Vatican prepares to open room devoted to Matisse
Museum to show large-scale drawings for works in the Chapel of the Rosary in Vence, on public display for the first time
By Francesca Romana Morelli and Gareth Harris. Web only
Published online: 22 July 2010
rome. The Vatican Museums in Rome are set to open a room devoted to the works of Matisse later this year. The move is designed to further boost the profile of its modern and contemporary religious art department. Large-scale preparatory sketches by the French artist, relating to items adorning the Chapel of the Rosary in Vence on the Cote d’Azur, will go on public display for the first time. The works were donated to the Vatican by the artist’s son Pierre in 1980.
From 1948 to 1951, Matisse created Stations of the Cross, wall decorations, furniture, stained-glass windows, even the vestments and altarcloths, for the Dominican chapel in Vence. Three large-scale drawings, all more than five metres high and drawn to scale, form the basis for the Tree of Life stained glass behind the altar and the Virgin and Child depiction created on ceramic panels in the chapel’s presbytery. The works are currently in conservation, as glue used to attach backing panels pre-1980 has seeped through to the surface of the drawings.
Five silk chasubles (the outer vestments worn by clergy during Mass) in a variety of colours, and a belltower bronze cross, all made by Matisse, will also go on view at the Vatican in a display costing E350,000. A stone Madonna sculpture by Lucio Fontana (1956), which is too heavy to move, will remain in the same room.
Micol Forti, director of the Vatican Museums’ modern and contemporary art department, says that lighting the Matisse objects has been an issue: “The 16th-century room where the sketches will be on show has no windows. This could not be more different from the Chapel of the Rosary, which is flooded with dazzling sunlight. I eventually opted for lighting that will combine with the style and colour of the works to evoke a solar explosion.”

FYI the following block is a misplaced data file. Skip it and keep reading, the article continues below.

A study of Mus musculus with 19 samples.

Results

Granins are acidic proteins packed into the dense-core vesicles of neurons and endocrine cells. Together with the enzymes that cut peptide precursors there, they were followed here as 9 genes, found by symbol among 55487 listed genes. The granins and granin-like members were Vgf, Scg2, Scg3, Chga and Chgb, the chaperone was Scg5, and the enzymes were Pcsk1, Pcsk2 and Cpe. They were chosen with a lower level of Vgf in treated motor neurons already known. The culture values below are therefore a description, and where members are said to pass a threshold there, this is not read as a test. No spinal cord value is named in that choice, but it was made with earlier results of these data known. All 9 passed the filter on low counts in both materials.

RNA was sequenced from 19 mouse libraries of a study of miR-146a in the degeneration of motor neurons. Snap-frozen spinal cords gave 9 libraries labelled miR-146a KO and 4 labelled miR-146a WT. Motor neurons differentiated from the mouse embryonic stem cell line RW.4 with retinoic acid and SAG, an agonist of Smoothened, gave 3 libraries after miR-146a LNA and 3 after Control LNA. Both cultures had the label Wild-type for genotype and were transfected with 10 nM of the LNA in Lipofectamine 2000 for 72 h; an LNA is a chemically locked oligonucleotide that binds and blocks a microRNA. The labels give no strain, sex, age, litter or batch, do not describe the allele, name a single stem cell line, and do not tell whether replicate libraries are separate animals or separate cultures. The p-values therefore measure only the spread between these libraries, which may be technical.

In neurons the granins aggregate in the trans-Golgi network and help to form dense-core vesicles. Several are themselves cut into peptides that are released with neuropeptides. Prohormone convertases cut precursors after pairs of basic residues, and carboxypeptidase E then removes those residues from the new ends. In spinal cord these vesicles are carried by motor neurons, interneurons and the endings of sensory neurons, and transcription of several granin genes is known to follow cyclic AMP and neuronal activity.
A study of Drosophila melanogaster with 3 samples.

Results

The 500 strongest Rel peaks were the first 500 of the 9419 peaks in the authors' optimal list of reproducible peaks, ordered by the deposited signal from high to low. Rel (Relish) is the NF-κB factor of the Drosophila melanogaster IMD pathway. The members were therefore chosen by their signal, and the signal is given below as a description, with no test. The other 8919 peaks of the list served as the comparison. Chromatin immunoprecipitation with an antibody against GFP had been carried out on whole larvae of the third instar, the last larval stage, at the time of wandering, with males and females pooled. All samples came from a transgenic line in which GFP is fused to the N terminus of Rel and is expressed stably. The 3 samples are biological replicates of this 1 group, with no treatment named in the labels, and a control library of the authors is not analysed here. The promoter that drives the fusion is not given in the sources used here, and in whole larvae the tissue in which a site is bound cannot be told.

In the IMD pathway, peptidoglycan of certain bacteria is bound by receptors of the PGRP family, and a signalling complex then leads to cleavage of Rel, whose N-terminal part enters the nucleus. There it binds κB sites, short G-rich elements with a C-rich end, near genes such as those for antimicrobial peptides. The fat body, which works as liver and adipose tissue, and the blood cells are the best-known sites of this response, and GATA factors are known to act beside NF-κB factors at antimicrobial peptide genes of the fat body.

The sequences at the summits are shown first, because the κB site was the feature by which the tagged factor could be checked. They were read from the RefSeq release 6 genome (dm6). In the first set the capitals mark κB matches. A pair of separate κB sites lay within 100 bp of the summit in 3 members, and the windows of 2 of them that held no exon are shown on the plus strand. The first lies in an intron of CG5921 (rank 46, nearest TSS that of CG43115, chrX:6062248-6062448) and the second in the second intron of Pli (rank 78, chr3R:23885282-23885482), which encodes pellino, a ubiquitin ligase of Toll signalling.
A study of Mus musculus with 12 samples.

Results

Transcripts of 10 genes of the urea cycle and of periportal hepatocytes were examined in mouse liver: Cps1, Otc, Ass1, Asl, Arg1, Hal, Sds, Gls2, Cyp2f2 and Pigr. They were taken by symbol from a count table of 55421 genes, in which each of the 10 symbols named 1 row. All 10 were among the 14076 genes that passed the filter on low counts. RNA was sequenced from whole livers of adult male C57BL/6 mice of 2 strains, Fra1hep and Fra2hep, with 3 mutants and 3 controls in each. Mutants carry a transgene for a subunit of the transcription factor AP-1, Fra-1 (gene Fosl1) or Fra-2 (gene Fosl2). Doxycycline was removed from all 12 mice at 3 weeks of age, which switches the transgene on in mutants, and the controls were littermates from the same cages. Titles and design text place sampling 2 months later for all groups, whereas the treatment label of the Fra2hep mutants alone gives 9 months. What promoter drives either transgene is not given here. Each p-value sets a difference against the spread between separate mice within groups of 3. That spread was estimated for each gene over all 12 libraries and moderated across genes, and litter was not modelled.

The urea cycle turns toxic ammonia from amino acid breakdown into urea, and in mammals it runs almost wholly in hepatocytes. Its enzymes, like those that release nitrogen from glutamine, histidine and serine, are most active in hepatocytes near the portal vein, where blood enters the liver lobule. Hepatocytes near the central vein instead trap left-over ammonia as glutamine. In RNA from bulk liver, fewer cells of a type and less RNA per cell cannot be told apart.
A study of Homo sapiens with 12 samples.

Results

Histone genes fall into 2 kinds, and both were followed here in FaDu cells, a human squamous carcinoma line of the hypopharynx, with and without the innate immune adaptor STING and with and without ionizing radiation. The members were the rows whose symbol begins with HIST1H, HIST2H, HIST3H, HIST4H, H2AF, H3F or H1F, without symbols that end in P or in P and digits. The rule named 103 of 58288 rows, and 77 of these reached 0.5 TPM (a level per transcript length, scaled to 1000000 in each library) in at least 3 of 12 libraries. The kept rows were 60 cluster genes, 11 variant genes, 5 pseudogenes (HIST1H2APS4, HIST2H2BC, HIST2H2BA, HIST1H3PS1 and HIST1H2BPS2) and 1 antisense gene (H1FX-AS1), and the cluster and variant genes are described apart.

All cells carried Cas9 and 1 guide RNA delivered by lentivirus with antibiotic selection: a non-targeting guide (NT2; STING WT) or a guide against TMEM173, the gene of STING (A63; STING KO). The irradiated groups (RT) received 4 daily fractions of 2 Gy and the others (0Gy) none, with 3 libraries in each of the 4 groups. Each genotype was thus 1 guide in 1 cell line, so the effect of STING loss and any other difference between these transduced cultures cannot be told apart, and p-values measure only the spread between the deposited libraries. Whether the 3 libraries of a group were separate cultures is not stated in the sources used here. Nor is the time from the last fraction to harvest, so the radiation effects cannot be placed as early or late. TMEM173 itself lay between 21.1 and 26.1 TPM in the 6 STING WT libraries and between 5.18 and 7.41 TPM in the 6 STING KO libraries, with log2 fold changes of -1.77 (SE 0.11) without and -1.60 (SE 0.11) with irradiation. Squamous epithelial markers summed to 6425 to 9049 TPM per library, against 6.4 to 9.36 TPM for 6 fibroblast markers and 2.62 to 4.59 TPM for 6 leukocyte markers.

Forti also revealed the challenges behind showing modern and contemporary art at the Vatican: “I’m trying to show the new ‘face’ of the department that was launched in 1973. The collection has since been enriched with other gifts and acquisitions that make it strong in works of the 1960s. Chagall, Gauguin, Leger, Ernst, Nolde and Bacon are among the artists represented. Unfortunately, we are not always able to acquire art so I decided to make the conservation and development of our artistic heritage a priority.”
She hopes to establish a new research centre that will strengthen the “relationship with contemporary art”. The Vatican is also building an archive of works donated by artists of the 19th and 20th centuries, made up of pieces by Cesare Fracassini and the Futurist artist Bruno Corra.
The Vatican plans to launch a pavilion at the Venice Biennale in 2011, while its first contemporary art commission under Pope Benedict XVI was awarded to Claudio Parmiggiani in 2007.